Determining Your Retirement Fund Strategies

As you near retirement, it's increasingly important to determine how and when you'll take retirement account distributions.

mature couple walking together

Podcast Transcript

Host: Rob Miles, Senior Vice President, Wells Fargo Private Bank

Guest: Emily Irwin, Senior Wealth Planner, Wells Fargo Private Bank

[Rob]:

Hello, I'm Rob Miles, Senior Vice President for Wells Fargo Private Bank, and this is "Your Financial Journey" — a podcast series that explores common financial issues that we all face. I'm joined today by Emily Irwin, Senior Wealth Planner, to discuss important planning retirement strategies.

Emily, I think it's fair to say that the nearer you get to retirement, the more important it is to think about how you want to take distributions from retirement accounts and which accounts you want to tap into first.

[Emily]:

You're absolutely right, Rob. Good planning can help you to extend the life of your retirement resources. Making an inventory of your expected expenditures during retirement — and building in a cushion for unexpected expenditures — is an important first step. Determining how and when to take retirement distributions and when to dip into your savings are critical decisions that can have an impact on how well you live in retirement.

[Rob]:

Emily, there are a number of different sources of income in retirement: from tax-deferred retirement accounts such as IRAs and 401ks to taxable brokerage accounts and lifetime income sources such as Social Security, annuities, pensions, and even insurance policies. With such a range of sources, how do you decide which account to draw on and when?

[Emily]:

Great question, Rob. A common strategy is to cover essential expenses using lifetime income sources, the best known of which is Social Security. Using a mixture of these sources can help protect you from having to draw on investments during periods of market volatility, which lowers the risk that you'll outlive your money.

[Rob]:

And what about strategies, Emily, for taking distributions from those retirement accounts?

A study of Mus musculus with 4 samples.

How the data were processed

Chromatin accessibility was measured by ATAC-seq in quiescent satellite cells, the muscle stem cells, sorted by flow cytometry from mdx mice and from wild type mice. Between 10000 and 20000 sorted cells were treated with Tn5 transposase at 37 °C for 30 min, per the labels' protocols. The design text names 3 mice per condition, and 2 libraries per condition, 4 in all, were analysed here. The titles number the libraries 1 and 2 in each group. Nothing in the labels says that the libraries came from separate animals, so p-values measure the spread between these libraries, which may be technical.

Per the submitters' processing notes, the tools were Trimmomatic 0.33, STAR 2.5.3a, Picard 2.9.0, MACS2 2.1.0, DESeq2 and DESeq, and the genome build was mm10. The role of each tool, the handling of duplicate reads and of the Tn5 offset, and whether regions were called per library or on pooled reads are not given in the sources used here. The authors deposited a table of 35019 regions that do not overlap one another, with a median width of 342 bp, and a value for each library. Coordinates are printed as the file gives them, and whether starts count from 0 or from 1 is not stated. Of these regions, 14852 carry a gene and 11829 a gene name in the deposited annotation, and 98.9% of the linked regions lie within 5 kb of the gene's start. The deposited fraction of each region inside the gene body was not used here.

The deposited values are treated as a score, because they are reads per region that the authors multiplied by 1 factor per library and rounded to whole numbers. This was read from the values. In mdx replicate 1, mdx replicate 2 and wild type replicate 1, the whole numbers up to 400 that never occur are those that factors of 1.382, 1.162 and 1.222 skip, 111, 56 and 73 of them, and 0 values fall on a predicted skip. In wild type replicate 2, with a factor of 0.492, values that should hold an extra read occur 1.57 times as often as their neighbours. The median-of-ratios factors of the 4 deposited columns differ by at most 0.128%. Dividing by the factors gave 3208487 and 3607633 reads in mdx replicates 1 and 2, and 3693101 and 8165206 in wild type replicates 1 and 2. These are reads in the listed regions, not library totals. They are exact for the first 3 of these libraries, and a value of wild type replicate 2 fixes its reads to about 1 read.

[Emily]:

First of all, it's important to remember that you'll have to take distributions from retirement accounts by age 70 1/2. But, if you retire earlier than that, you will have some flexibility. If possible, we would suggest waiting until you have to take such distributions. The benefit of waiting is that these funds will continue to grow tax deferred.

If you are able to, we also recommend being flexible in taking money out of taxable accounts. It's better to wait than to take money out in a down market. You may also want to consider the mix of your investments. Depending on your situation, you may need to invest for growth as well as income.

[Rob]:

Emily, if you are one of the fortunate people out there who have an employer pension, how does that play into your retirement income strategy?

[Emily]:

Well, Rob, there are different ways to tap into your pension assets, for example, through an annuity or a lump sum payment. There are a number of factors that will play into the decision whether to take one or the other. Considerations include things such as your need for income, your health, your tax situation, and maximizing estate planning strategies. I recommend discussing the best option for your specific situation with your financial [professional] or planning professional.

[Rob]:

Emily, great suggestions. Do you have any other useful suggestions for our audience as they consider their retirement planning?

[Emily]:

Just a couple, Rob. First, I would encourage our listeners to keep their fixed expenses as low as possible in retirement. And second, talk to your financial and tax professionals about how to prepare for retirement. Everyone's situation is different and planning for retirement ahead of time can really help. Being proactive versus reactive often yields the best results. 

[Rob]:

All good points, Emily. So, to sum up for our listeners:

  1. Keep your fixed expenses low.
  2. Use lifetime income sources to fund fixed expenses.
  3. Consult with your financial professional, planner, and tax professional to create a plan that’s appropriate for your specific needs.

[Emily]:

You've summed it up well, Rob. In my view, good planning can make a big difference during your retirement years.

[Rob]:

Well, Emily let me thank you for your time and sharing your perspective today. This is useful information for all of us to keep in mind. And thanks to our listeners for joining this podcast.

This is "Your Financial Journey."

What can Wells Fargo do for you?

Whether you’re nearing retirement or have already reached retirement, Wells Fargo Conversations offers a diverse blend of content to help provide options for your life’s second act.

Wells Fargo & Company and its affiliates do not provide legal advice. Wells Fargo Advisors is not a tax or legal advisor. Please consult your tax or legal advisors to determine how this information may apply to your own situation. Whether any planned tax result is realized by you depend on the specific facts of your own situation at the time your taxes are prepared.

Newsletter

Sign up to receive monthly email updates of what’s new at Wells Fargo Conversations.

Please submit a valid email address.

Thanks for subscribing!

You should receive a confirmation email shortly.

Your privacy is important. Read our privacy policy.